Lotte Championship: Brooke Henderson chasing third consecutive victory in Hawaii

Brooke Henderson is relishing the opportunity to create more golfing history as she chases a third consecutive victory at the Lotte Championship in Hawaii.

Henderson – Canada’s most successful professional golfer in history – followed her four-shot victory in 2018 by successfully defending her title by the same margin a year later, while the opportunity of a three-peat was delayed when the 2020 contest was cancelled due to the coronavirus pandemic.

The 23-year-old is looking to become the first golfer to win the same LPGA Tour event three years running since Inbee Park dominated the KPMG Women’s PGA Championship from 2013-15, having missed out on a similar occasion at the Cambia Portland Classic earlier in her career.

Hana hou 🌺🌴 @BrookeHenderson is our 2019 champion – our first repeat champion in #lottechampionship history! pic.twitter.com/YApB8FjUTp

“It’s definitely a rare opportunity, and so it would be nice to make the most of it,” Henderson said ahead of the event getting under way on Wednesday. “I’m just really excited for the chance.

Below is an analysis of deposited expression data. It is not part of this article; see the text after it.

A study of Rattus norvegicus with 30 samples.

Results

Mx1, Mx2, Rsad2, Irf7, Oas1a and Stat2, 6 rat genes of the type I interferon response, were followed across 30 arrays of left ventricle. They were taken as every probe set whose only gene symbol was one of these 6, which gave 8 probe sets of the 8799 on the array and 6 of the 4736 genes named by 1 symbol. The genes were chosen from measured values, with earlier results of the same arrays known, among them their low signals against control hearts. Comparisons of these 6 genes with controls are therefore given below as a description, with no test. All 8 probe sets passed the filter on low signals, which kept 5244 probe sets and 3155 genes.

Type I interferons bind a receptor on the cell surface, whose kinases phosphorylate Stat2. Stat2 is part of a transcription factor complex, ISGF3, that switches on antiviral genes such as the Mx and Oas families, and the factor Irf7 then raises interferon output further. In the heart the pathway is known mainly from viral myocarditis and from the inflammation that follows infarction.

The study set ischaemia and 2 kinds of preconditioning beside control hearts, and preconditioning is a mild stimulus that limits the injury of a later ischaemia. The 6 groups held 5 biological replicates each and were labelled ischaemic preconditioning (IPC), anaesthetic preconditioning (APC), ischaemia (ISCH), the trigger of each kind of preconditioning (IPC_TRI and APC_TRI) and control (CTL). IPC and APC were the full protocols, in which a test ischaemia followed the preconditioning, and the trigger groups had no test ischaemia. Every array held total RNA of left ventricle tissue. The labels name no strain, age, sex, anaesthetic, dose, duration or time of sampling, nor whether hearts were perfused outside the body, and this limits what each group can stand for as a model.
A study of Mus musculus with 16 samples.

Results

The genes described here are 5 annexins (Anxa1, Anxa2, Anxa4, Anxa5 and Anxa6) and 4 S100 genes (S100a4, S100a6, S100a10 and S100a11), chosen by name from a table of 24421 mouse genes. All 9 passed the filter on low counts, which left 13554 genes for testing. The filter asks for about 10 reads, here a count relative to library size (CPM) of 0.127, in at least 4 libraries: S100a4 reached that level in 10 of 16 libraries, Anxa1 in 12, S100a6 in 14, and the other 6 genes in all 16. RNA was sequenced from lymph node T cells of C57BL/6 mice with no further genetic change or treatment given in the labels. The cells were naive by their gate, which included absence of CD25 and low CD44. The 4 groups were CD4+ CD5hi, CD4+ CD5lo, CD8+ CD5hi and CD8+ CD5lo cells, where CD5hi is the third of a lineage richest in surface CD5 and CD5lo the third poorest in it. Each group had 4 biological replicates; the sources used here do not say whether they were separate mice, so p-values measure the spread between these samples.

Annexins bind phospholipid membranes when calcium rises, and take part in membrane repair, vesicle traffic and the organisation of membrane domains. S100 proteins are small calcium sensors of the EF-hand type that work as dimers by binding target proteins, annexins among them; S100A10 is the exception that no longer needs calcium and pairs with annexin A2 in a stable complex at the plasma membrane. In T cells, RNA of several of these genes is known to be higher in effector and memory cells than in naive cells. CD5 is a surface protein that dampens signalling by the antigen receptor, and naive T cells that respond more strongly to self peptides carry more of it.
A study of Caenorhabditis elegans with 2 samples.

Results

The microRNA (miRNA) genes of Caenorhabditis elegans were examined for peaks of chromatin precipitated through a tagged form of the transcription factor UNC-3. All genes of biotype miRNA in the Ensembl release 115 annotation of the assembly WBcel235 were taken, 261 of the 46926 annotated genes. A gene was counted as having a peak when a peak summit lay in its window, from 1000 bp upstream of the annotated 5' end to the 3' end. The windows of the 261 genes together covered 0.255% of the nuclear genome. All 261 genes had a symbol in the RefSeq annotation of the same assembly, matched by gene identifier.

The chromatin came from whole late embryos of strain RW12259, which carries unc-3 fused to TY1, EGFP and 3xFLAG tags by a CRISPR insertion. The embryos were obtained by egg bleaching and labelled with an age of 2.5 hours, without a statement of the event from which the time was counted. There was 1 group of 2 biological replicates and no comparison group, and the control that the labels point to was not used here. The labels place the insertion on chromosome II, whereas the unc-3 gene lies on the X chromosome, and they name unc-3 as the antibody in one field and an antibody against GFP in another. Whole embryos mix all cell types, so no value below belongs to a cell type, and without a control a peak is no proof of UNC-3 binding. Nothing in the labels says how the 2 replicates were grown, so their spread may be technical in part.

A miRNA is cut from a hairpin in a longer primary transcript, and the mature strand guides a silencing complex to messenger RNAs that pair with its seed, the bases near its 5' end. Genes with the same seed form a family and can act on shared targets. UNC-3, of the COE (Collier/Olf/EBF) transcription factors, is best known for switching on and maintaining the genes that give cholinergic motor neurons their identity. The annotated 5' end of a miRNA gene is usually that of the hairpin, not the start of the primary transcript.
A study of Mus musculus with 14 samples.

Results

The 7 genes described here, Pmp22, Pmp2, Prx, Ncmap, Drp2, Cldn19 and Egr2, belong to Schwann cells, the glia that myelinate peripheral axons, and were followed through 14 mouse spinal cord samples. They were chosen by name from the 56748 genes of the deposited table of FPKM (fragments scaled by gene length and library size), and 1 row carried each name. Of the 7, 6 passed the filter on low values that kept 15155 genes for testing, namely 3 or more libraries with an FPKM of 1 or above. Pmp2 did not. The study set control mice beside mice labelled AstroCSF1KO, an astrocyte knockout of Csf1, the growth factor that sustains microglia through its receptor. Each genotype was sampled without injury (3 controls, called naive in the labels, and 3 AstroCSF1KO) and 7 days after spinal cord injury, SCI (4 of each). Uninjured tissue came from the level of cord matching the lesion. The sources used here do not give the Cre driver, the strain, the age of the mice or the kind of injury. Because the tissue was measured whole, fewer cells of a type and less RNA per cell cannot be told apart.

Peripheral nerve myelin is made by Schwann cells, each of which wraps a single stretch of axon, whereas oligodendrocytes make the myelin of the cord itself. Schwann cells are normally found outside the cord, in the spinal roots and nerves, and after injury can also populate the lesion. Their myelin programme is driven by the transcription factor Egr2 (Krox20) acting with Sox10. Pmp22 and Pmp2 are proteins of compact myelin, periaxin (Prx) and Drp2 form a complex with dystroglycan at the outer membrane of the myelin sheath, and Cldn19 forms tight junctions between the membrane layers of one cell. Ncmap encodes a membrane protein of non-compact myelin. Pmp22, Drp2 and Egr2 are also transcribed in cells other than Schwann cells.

“To be in this position is really cool. I was in it once before in Portland and came up short on the three-peat, but just to have the opportunity, like I said, is really amazing.


Henderson is one of seven players from the world’s top 10 teeing it up at Kapolei Golf Club, with world No 5 Danielle Kang also in action as she looks to improve her mental game on the course and challenge for a first win of the season.

“I been feeling a little anxious about certain things and there is nothing going on on the golf course,” Kang said. “I have a putt for par I’m anxious for something. It’s just creating an unrealistic fear, unrealistic doubts.

“So those are the things I’m working on and trying to be the person that I am and figure out how I feel and the way I used to feel. I’ve won a tournament feeling the way I felt and I’ve lost a tournament feeling the way I felt.

“I don’t look at it as a positive or a negative, more so that it’s making me – gives me that little twisted feel and I don’t like that. I want to be able to be in control of how I feel.”